The mobile era is among us and just like one’s wallet and keys, it is another item we just can’t leave home without.
What this mobile era means and how it impacts us is very personal. Next time when you are with a group of your friends, bring up this topic and I am guessing you will find yourselves lost in conversation and one that continues into the next you meet up.
How many times have you seen—or been—one of the people that is walking down the street lost in your phone, only to hear a car horn honk as you are about to walk into traffic or almost walk into the person walking in the other direction with their head also buried in their phone? What is that you or I are doing on our phone that is so important that we seem to regress against the norms of society when we have these devices in our hands?
The functionality of these personal devices has seen staggering growth in the past decade; these are not just phones anymore, used solely to verbally communicate with each other. For many they are our phone, calendar, contact book, alarm clock and way for us to keep up to date with all of our friends using one of the many non verbal based means of conversation.
For a recent class in my Master’s program I wanted to look at just how much are we on our mobile phones and what is it that we are using our phones for. I asked three Canadian male participants, one between 18 and32 years old, one between 33 and 54 years and one older than 55 years old, to track their mobile phone use for 24 hours and how long they spent in total within each activity during this period. All participants were smartphone users, with two using an iPhone and one a BlackBerry. After their use had been tracked, a follow-up interview took place to get a firsthand account and feedback on the exercise.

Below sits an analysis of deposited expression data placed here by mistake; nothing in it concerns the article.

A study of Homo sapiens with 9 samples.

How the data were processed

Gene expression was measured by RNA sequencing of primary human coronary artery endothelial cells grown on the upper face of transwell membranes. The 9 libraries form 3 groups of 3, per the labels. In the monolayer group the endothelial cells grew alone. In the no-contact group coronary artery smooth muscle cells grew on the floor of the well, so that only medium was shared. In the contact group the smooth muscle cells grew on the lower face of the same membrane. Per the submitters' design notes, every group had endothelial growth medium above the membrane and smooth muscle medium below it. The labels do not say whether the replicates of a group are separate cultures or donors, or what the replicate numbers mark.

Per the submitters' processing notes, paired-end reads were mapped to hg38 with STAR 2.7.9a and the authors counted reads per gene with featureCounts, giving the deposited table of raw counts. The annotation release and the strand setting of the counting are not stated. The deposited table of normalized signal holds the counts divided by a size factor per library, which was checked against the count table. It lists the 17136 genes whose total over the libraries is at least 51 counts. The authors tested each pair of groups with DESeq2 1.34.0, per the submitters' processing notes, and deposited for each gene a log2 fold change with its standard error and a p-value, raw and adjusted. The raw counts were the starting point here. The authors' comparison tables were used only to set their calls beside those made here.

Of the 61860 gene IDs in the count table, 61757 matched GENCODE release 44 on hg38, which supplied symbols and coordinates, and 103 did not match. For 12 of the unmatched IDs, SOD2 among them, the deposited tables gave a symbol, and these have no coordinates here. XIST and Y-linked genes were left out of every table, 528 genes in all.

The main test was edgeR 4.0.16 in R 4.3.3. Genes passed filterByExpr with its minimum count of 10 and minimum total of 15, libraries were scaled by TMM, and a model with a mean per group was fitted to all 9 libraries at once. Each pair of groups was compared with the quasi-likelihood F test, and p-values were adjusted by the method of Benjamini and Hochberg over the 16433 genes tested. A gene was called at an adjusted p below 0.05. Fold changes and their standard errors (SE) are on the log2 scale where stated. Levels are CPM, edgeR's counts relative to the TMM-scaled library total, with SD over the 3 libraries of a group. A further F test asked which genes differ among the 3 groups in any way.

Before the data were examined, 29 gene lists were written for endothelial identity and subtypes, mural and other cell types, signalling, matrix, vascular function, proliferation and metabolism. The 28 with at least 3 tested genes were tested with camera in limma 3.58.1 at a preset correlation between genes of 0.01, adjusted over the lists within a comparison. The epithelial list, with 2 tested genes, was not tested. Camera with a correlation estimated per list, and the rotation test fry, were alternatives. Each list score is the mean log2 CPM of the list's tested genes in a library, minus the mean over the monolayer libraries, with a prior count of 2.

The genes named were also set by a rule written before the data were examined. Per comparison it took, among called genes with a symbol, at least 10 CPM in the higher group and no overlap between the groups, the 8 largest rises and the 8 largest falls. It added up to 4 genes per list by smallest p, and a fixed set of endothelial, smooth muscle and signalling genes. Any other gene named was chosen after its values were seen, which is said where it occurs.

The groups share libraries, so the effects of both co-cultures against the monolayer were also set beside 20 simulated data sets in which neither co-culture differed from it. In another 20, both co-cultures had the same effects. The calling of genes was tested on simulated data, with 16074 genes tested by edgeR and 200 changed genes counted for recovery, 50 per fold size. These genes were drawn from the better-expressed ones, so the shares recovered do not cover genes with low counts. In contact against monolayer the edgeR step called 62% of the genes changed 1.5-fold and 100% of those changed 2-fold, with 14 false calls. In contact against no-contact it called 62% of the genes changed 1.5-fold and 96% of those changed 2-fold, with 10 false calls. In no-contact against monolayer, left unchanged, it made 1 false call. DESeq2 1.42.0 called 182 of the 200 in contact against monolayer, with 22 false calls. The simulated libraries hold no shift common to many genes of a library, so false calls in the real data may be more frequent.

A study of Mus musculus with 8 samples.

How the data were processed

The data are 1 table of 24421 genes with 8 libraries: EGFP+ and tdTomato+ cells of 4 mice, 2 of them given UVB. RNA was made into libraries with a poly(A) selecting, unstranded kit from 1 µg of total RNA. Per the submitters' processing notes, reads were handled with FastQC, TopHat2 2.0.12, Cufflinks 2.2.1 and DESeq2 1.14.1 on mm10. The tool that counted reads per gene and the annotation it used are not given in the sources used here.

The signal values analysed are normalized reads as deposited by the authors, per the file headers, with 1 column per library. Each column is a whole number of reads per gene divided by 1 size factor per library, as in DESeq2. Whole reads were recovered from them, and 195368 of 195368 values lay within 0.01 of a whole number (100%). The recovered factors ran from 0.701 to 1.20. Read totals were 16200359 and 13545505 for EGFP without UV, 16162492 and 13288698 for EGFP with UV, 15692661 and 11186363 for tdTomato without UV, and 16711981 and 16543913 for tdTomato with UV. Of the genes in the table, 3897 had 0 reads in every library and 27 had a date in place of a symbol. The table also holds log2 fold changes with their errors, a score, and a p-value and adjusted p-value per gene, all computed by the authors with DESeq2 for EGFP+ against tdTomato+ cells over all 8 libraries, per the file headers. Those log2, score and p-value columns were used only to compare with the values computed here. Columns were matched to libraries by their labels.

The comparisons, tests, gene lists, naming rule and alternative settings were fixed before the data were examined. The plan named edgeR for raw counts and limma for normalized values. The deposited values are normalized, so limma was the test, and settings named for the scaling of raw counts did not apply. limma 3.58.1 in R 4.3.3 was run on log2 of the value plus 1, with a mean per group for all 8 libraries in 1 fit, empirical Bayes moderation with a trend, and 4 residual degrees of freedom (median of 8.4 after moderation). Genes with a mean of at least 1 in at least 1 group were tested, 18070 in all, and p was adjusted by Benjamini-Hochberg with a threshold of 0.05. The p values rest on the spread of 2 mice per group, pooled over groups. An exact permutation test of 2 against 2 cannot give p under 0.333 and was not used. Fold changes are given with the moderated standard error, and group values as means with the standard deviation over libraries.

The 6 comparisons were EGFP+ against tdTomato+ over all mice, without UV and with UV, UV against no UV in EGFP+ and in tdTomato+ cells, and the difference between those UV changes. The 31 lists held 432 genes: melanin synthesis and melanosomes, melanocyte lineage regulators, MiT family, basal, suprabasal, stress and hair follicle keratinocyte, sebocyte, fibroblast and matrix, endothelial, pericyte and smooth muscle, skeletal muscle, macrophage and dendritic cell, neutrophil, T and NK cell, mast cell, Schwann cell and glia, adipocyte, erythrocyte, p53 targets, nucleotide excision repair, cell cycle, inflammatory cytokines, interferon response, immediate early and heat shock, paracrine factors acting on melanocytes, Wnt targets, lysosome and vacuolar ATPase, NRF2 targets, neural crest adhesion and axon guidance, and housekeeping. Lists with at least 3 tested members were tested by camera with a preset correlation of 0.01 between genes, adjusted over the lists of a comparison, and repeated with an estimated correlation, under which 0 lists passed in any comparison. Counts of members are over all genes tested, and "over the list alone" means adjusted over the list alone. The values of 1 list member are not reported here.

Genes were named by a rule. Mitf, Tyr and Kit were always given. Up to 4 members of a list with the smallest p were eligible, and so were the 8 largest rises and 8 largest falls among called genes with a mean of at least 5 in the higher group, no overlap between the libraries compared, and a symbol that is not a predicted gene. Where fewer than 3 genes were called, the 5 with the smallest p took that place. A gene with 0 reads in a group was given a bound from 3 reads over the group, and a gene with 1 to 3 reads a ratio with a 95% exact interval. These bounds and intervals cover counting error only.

After analyzing the data from the three participants it was easy to see that the mobile use penetration among the three was fairly equal. The difference in age had no bearing on how much one used their phone or what they were using it for.
The most common uses of their mobile phone from the participants were using them as a phone, emailing, and surfing the web. Although the phone functionality was the most common use, the average phone conversation among the participants only lasted for about one to two and half minutes. All three participants are also members of at least one social media platform, two of them never used their phone during this period to login into one of their accounts, and the other had very minimal mobile social use.
Mobile phones have also made it hard for many to separate work and pleasure: two of the three participants had more than one phone, although both participants did not use one of their phones during this 24 hour period. One participant did not use his work mobile phone, opting to use his work computer and landline while in the office and was lucky enough to not have to use his work mobile while not in the office during this period.
The other participant with multiple mobile phones did not use his personal phone at all during this period and stated that he hardly uses his personal phone anymore and has made his work phone his primary phone for both work and pleasure. For the participant who only had one phone there was a good mix of personal and work use, both during and after work hours.
How and what people are using their phones for is an area that I think needs much more study, especially as they will only continue to become more and more a part of society and how we communicate. It appears that communication through our mobile device is a highly transactional activity using many different media. If it seems like we tend to see people with their heads down typing away more than we see it glued to ones ear, I find it very comforting to have had this research show that the phone aspect of a mobile phone is still highly used and that people still seem to prefer to communicate verbally with each other as opposed to just communicate in a cyber-world.
Even if it is only for a minute or two.